How could the new tariffs affect local business?

Now that the tariffs are in place, 11Alive wanted to know what it would mean for local business here in the state.

ATLANTA — Despite warnings by allies, President Trump signed off on a hefty increase of tariffs on steel and aluminum.

Experts and members of Trump's own party warned that the hike – 25% on steel and 10% on aluminum – would spark a trade war and increase prices for consumers worldwide. The President argued they are designed to protect American industries.


But not everyone views them in the same light as the President. In a statement against the tariffs, Georgia Sen. Johnny Isakson voiced his concerns that the taxes would lead to trade wars and "inevitably create more trouble."

“This new tax on American consumers will have lasting consequences and will impede the pro-growth agenda we have pursued," the senator said. "While there are some exemptions from the tariffs, the administration must go further to exempt additional key U.S. allies as well as inputs relied on by Georgia manufacturers."

Now that the tariffs are in place, however, 11Alive wanted to know what it would mean for local business here in the state. Joe Henke spoke to Atlanta brewery Monday Night Brewing.

The local company said 5 million aluminum cans slide down their assemble line every year, part of the packaging process. Co-founder Joel Iverson said it's a large part of his budget.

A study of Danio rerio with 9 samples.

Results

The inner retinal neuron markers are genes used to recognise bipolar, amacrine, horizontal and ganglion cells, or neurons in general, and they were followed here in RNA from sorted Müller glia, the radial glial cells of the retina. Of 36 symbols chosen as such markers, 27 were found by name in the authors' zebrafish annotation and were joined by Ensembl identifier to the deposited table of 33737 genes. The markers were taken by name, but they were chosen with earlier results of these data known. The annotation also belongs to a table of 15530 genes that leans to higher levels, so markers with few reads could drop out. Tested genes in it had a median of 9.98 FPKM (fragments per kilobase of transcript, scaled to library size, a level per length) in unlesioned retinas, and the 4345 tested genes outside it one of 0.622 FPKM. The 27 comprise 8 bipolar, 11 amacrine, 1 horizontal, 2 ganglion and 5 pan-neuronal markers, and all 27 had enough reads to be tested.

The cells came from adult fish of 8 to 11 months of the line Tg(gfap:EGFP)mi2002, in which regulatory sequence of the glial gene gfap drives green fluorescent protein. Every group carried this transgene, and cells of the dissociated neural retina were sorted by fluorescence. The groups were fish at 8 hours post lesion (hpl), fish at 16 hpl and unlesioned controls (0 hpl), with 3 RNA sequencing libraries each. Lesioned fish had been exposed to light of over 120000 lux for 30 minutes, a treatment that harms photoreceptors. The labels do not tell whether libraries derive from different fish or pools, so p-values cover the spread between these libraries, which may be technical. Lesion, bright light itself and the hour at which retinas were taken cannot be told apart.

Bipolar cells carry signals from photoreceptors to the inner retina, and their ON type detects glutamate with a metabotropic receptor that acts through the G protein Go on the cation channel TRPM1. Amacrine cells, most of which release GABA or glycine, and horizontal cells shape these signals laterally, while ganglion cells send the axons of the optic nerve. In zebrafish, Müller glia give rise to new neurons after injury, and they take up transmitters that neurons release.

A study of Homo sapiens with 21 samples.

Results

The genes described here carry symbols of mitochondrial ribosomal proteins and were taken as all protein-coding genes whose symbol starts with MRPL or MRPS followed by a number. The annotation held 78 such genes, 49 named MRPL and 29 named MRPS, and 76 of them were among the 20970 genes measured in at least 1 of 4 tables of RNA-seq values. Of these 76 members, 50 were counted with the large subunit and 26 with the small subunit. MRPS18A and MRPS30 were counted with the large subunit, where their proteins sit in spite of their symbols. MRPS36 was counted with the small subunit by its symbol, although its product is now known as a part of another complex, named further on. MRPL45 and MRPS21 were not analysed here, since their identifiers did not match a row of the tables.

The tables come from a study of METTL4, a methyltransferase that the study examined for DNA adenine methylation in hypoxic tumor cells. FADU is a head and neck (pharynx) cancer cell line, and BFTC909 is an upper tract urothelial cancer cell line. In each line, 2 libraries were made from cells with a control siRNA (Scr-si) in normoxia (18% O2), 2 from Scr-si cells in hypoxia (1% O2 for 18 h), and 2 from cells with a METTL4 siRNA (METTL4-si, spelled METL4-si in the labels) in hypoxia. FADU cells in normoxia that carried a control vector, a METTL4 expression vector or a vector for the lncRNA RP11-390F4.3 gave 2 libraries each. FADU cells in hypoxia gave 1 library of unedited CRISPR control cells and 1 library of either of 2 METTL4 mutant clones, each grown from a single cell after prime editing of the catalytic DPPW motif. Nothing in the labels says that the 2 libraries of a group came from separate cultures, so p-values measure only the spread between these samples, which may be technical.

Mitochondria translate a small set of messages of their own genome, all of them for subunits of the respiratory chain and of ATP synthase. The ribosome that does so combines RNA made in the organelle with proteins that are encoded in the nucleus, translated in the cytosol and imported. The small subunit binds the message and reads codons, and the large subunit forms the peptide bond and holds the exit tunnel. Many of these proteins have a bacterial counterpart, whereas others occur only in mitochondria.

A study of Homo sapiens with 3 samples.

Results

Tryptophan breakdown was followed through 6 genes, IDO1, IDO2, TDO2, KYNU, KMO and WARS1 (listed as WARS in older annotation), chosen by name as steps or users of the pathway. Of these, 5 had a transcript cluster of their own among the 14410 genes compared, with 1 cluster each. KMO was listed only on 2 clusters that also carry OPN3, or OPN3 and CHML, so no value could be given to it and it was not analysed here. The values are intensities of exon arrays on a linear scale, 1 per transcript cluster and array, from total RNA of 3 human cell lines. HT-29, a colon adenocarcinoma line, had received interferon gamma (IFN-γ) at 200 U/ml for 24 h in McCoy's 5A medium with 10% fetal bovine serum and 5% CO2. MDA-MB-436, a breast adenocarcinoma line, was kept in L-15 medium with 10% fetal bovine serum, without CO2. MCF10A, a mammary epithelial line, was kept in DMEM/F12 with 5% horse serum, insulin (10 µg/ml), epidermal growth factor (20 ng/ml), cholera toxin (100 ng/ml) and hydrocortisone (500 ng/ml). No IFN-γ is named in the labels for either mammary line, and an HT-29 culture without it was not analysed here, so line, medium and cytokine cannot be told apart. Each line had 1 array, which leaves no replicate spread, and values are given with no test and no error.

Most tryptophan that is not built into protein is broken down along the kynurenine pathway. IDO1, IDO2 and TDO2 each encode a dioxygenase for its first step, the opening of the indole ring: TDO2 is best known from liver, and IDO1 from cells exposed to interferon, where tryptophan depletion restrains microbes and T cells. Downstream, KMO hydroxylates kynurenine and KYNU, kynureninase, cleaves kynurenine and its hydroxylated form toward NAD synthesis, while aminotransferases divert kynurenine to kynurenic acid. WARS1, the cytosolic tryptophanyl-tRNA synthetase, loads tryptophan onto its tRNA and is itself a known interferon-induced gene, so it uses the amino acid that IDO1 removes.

"It is a pretty big chunk," he said. "We have shifted from bottles into cans partially because it was more affordable and more recyclable."

The good news for him is that Monday Night Brewing's aluminum cans are produced in the U.S. and Mexico and excluded from the new increased tariffs. But for other companies sourcing aluminum from other countries, the tax could add up.


Before Monday Night Brewing's beer ends up in aluminum cans, it begins inside steel tanks. "We have all these stainless steel tanks," Iverson said. "We are about to order a bunch more, and the tax on the steel could affect those as well."

All of a sudden, your six pack could cost a bit more.

"Sometimes a few cents here and there might add up in a way that a retailer says, 'We want this to be at $10.99 instead of $9.99'," Iverson explained.

Trump is not the first person to put a tariff on steel imports; then-President George W. Bush did it in 2002. However, Emory University economist Ray Hill said the Bush tariffs didn't create jobs, profits for shareholders went up and push back from other industries led to the tariffs being repealed within a year. Hill theorizes that may happen again this time around.

"When Trump sees the reaction of the rest of the world, he decides this is a bad idea, he's fulfilled his campaign pledge, and then the tariffs are left to quietly be removed," Hill said.

Meanwhile at Monday Night Brewing, Iverson said they will keep making beer, but are now waiting to see how the tariffs play out.

"A lot of uncertainty which is not good as a business owner," he concluded.

The new tariffs go into effect in 15 days.